Group of professionals discuss finance

Breaking news and expert analysis on legal and compliance issues

[Back To Home][Back To Archives]

From Banking and Finance Law Daily, November 20, 2015

House passes bill to better in-FORM on Fed decisions

By Stephanie K. Mann, J.D.

The “Fed Oversight Reform and Modernization Act of 2015 (FORM Act)” is one step closer to becoming enacted after being approved by the House with bipartisan support 241-185. The bill, H.R. 3189, was sponsored by Rep. Bill Huizenga (R-Mich), and is intended to improve the economy’s performance by bringing greater accountability and transparency to the Federal Reserve Board.

The FORM Act would provide the Fed with a framework for communicating monetary policy decisions in a more transparent manner. Clear communication of monetary policy by the Fed facilitates better economic decisions by market participants and American households. According to its supporters, the bill does not attempt to legislate any particular monetary policy course—instead, it explicitly preserves the Fed’s flexibility to prudently address changing economic conditions.

According to the Financial Services Committee, rather than constraining the Fed’s policy choices, requiring the Fed to explain differences between a familiar reference rule and its independently chosen monetary policy increases transparency in what can otherwise be a complex and exceedingly opaque process.

FORM Act. If enacted, the FORM Act would:

  • require the Fed to conduct cost-benefit analysis when it adopts new rules;
  • require transparency about the Fed’s bank stress tests and about international financial regulatory negotiations conducted by the Fed, Treasury Department, Office of the Comptroller of the Currency, Securities and Exchange Commission, and Federal Deposit Insurance Corporation;
  • require the Fed to disclose the salaries of highly paid employees, provides for at least two staff positions to advise each member of the Board of Governors, and requires Fed employees to abide by the same ethical requirements as other federal financial regulators;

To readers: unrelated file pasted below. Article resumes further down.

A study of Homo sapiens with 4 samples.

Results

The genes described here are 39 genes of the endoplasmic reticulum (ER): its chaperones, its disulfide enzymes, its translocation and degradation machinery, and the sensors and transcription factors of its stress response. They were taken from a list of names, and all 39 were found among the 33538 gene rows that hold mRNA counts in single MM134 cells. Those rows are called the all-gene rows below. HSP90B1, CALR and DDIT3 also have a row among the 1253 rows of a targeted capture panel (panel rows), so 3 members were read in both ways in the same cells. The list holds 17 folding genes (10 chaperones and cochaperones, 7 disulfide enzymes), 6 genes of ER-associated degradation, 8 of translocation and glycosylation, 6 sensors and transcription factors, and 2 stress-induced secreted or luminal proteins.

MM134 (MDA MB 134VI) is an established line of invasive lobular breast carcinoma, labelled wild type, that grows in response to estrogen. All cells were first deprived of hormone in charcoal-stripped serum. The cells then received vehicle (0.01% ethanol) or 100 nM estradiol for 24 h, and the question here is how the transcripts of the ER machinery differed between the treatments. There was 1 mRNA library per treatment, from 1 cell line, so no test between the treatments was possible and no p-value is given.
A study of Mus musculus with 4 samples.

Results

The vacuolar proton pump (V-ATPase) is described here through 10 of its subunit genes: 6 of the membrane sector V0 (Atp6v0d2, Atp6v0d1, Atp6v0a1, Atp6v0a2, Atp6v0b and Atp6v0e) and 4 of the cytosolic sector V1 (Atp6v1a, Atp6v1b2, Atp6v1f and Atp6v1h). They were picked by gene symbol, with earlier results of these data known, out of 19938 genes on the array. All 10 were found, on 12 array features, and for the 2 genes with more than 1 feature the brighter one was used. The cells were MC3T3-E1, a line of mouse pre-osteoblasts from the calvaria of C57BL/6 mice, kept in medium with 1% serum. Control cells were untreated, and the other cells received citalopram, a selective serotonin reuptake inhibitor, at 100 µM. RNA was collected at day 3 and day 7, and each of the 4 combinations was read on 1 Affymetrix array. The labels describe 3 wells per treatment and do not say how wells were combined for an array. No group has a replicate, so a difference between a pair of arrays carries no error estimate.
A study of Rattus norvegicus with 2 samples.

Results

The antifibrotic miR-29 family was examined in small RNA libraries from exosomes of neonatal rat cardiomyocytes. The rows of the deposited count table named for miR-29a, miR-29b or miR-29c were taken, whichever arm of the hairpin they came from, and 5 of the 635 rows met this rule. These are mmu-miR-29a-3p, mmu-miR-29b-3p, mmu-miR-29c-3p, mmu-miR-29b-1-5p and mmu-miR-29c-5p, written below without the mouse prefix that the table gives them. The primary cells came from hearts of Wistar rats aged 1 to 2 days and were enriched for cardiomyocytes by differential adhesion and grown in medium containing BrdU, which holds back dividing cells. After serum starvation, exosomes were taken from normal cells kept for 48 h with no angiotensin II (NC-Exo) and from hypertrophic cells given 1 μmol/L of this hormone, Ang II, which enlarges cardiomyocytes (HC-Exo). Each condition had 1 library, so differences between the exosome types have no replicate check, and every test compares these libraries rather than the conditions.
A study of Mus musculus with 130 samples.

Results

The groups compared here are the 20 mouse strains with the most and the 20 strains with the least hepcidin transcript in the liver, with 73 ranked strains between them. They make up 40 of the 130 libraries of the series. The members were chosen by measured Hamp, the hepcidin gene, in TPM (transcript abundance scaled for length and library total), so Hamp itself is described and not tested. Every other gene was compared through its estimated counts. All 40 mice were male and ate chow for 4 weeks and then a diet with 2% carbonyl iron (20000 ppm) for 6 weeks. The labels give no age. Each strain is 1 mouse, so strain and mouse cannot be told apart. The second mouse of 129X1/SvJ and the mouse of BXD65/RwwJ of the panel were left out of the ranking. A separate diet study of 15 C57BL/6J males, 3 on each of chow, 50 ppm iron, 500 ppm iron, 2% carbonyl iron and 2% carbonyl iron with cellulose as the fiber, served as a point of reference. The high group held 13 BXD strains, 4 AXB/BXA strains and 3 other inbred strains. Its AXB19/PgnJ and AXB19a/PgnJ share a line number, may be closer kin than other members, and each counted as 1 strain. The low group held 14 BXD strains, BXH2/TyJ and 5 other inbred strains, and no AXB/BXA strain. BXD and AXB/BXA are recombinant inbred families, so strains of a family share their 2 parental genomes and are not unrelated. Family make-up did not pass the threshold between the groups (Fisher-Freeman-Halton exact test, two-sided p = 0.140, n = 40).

• clarify the “blackout period” governing when Fed Governors and employees may publicly speak on certain matters; provides for a more balanced representation of voters on the Federal Open Market Committee, and provides additional assurances that the Fed’s emergency lending powers are used only in emergencies;
  • require the full FOMC to decide policy rates on excess balances maintained at a Federal Reserve Bank by a depository institution; and
  • remove restrictions placed on the Government Accountability Office’s ability to audit the Fed, directing the GAO to conduct an audit of the Fed within 12 months of enactment, and requiring the GAO to report to Congress within 90 days of completion of the audit.

Hensarling remarks. Financial Services Committee Chairman Jeb Hensarling (R-Texas) said during debate on the FORM Act, “The Fed’s monetary policy must be made clear and credible and its regulatory activities must comport with the rule of law and bear public scrutiny. To accomplish this, the Fed Oversight and Reform and Modernization Act, authored by Congressman Huizenga should be enacted into law. Reform, accountability, and transparency on one hand; and independence and conduct of monetary policy on the other are not mutually exclusive concepts.”

MainStory: TopStory FederalReserveSystem OversightInvestigations

Back to Top

Banking and Finance Law Daily

Introducing Wolters Kluwer Banking and Finance Law Daily — a daily reporting service created by attorneys, for attorneys — providing same-day coverage of breaking news, court decisions, legislation, and regulatory activity.

A complete daily report of the news that affects your world

  • View full summaries of federal and state court decisions.
  • Access full text of legislative and regulatory developments.
  • Customize your daily email by topic and/or jurisdiction.
  • Search archives for stories of interest.

Not just news — the right news

  • Get expert analysis written by subject matter specialists—created by attorneys for attorneys.
  • Track law firms and organizations in the headlines with our new “Who’s in the News” feature.
  • Promote your firm with our new reprint policy.

24/7 access for a 24/7 world

  • Forward information with special copyright permissions, encouraging collaboration between counsel and colleagues.
  • Save time with mobile apps for your BlackBerry, iPhone, iPad, Android, or Kindle.
  • Access all links from any mobile device without being prompted for user name and password.